WASHINGTON—The United States and China concluded two days of "strategic" discussions here Wednesday, notching a number of minor advances to pry open the Chinese market for U.S. business but failing to win a commitment from China that it would revalue its currency.
The "Strategic Economic Dialogue" was the brainchild of Treasury Secretary Henry Paulson, who thinks that through constant engagement, the world's largest economy—ours—and the world's fastest-growing economy—theirs—will be able to prevent potholes from becoming sinkholes in an increasingly interdependent and complicated relationship.
In that broad sense, the meetings yielded a number of agreements to work together, on everything from biofuels and energy-efficiency programs to combating illegal logging globally. They also produced a greater opening of China's restrictive financial-services sector.
In addition, China agreed to a joint study into the costs in both countries associated with more controls on electricity generation and coal-fired power plants.
The Bush administration also pushed China to step up its inspection of food and drug exports amid growing global concerns about its ability to police its own industry.
The most concrete advance was an announced increase in passenger flights between the United States and China, from the current 10 daily to 23 by 2012. This deal is likely to allow American Airlines to bid for a route from Dallas to China. U.S. air cargo carriers also would get expanded access across almost all of China by 2011.
In a statement, Transportation Secretary Mary E. Peters said China would add one new daily flight from the United States this year and next, four daily flights in 2009 and three more in 2010. In 2011 and 2012, two more daily flights per year will be added. The agreement allows the U.S. government to designate three more U.S. carriers to operate in China, one this year and two in 2009.
These advances are unlikely to mollify Congress, where anger is growing over China's gaping trade surplus with the United States, which exceeded $232 billion last year. That's likely to be surpassed this year, given the $57 billion first-quarter trade deficit with China.
Democrats and a growing number of Republicans want punitive sanctions slapped on China if it doesn't revalue its currency and move more swiftly toward a market-determined exchange rate.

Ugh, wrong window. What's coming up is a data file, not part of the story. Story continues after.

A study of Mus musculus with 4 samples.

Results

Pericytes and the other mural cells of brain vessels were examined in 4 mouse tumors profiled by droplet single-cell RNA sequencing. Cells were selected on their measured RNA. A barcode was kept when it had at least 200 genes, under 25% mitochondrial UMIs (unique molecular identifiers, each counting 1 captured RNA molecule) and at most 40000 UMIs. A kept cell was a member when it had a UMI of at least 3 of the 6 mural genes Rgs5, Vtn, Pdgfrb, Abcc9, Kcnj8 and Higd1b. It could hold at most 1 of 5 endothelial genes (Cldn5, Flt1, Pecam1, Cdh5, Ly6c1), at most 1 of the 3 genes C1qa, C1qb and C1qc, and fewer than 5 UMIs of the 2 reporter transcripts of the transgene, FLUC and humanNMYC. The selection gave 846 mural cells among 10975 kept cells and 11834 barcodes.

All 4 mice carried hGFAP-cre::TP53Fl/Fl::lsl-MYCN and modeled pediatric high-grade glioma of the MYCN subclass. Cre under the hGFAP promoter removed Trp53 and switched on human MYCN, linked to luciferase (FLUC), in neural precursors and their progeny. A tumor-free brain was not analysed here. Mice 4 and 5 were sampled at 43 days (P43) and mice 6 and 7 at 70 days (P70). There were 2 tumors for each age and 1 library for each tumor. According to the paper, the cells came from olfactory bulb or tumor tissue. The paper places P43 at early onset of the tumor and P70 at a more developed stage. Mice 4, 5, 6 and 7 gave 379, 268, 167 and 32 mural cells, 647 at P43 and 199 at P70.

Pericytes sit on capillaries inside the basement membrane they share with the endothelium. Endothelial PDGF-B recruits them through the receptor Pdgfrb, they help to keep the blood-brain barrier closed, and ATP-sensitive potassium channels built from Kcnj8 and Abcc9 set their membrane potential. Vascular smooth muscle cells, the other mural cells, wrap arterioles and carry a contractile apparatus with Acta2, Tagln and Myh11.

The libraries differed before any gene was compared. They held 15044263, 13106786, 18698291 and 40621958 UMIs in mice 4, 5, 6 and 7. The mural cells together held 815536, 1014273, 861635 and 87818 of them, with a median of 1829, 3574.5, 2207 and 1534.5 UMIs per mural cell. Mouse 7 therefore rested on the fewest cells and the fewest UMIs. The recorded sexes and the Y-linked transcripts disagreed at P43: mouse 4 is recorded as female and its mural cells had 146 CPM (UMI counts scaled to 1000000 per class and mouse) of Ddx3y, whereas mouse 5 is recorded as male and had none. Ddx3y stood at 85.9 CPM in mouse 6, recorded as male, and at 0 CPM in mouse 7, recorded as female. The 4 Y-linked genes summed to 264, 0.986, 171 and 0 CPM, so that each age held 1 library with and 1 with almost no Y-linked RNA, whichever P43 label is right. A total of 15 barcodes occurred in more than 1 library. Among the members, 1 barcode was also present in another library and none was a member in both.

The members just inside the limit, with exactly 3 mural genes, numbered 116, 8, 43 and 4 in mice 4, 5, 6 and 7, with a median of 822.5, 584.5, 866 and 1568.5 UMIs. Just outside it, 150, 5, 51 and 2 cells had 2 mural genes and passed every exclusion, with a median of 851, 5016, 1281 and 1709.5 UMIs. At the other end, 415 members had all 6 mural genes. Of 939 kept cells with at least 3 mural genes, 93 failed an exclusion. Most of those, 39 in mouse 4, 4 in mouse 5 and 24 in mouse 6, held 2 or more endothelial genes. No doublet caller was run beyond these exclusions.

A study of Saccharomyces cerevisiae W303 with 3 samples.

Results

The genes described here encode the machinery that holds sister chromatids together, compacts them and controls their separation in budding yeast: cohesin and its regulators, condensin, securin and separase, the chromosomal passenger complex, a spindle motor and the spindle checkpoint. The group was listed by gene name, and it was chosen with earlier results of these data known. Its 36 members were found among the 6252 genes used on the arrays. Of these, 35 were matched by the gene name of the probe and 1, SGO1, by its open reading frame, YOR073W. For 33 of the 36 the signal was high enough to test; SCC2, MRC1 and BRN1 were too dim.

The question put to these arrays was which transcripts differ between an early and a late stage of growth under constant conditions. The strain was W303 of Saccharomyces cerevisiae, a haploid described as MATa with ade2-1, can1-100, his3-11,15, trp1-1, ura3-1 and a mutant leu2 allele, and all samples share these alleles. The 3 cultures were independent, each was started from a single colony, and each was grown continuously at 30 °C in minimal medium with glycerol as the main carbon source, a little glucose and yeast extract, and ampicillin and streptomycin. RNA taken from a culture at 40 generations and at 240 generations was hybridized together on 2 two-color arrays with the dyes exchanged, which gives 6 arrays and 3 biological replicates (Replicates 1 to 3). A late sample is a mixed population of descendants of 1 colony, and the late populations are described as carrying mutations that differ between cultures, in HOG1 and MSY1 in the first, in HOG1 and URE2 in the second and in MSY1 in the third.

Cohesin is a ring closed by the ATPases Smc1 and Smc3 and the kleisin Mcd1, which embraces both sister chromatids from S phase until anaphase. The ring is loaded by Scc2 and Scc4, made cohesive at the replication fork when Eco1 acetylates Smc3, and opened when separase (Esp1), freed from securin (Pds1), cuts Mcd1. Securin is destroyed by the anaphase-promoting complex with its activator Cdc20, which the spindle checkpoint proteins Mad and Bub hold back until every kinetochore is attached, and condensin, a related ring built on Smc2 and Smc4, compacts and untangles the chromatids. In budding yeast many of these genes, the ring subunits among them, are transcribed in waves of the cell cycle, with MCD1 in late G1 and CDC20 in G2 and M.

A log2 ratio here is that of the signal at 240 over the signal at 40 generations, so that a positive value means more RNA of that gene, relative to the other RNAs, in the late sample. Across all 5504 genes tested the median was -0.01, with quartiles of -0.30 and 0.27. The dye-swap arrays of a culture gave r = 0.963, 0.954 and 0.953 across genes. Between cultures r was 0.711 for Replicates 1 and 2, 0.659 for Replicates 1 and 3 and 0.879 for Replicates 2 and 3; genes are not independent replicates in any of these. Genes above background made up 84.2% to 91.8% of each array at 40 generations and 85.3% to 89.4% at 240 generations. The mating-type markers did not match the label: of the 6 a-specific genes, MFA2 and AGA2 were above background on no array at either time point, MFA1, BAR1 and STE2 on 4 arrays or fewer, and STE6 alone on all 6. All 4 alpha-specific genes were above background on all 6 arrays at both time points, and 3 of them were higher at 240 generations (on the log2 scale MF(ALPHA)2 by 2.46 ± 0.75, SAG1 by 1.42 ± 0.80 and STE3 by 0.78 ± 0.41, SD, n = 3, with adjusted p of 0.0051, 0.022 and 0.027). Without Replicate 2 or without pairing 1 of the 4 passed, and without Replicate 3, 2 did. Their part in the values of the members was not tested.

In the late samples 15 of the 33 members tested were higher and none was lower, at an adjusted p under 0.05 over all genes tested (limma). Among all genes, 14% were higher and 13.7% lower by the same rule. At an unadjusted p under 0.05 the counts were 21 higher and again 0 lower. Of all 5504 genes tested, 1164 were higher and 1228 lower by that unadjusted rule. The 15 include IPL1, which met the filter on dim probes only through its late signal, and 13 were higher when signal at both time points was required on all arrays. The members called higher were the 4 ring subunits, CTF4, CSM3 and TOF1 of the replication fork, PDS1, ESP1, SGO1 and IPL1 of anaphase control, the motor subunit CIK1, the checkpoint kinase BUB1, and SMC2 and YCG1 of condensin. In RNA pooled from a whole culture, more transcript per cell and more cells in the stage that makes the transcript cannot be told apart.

Chinese officials planned to meet Wednesday and Thursday with several U.S. lawmakers. In a closing news conference, Paulson said the Chinese were "expecting that they will hear some strong views."
Lawmakers want the Chinese leaders to understand that the executive branch isn't the only game in town.
"Administrations come and go. It is Congress that remains in the driver's seat on the key trade and economic issues affecting our two countries," Sen. Max Baucus, D-Mont., the chairman of the Senate Finance Committee, said in a statement ahead of his meeting Thursday with Vice Premier Wu Yi. Any move to slap tariffs on Chinese-made goods for failing to revalue the currency would come through his committee.
Other advances include:
_Expansion of financial services: China agreed to remove a freeze on new foreign securities firms and resume licensing joint ventures between Chinese and foreign securities firms. Before the next Strategic Economic Dialogue meeting, China will allow foreign securities firms to expand operations to include brokerage, proprietary trading and fund management.
_Insurance: The China Insurance Regulatory Commission will move by August on long-pending applications to convert insurance company branch offices to foreign subsidiaries.
_Credit cards: China will allow U.S. and other foreign banks to offer credit and debit cards denominated in the Chinese currency, and thus compete against Chinese banks.
_Illegal logging: China, already a party to international agreements on endangered wood products, has agreed to create a mechanism by 2008 to work with U.S. Customs and resource authorities to ensure that the non-endangered timber it imports comes from sustainable forestry.
_Mine safety: China and the U.S. will work closely on coal mine methane-capture technologies. China uses twice as much coal as the U.S. and could use four times as much by 2020.
_Energy efficiency: China will consider programs similar to the Energy Star certification used in U.S. appliances to ensure energy-efficiency standards.
_Labor: The U.S. Labor Department will work with China to improve the collection of labor-market data, and will help China move toward employer-provided pensions and an unemployment-insurance system.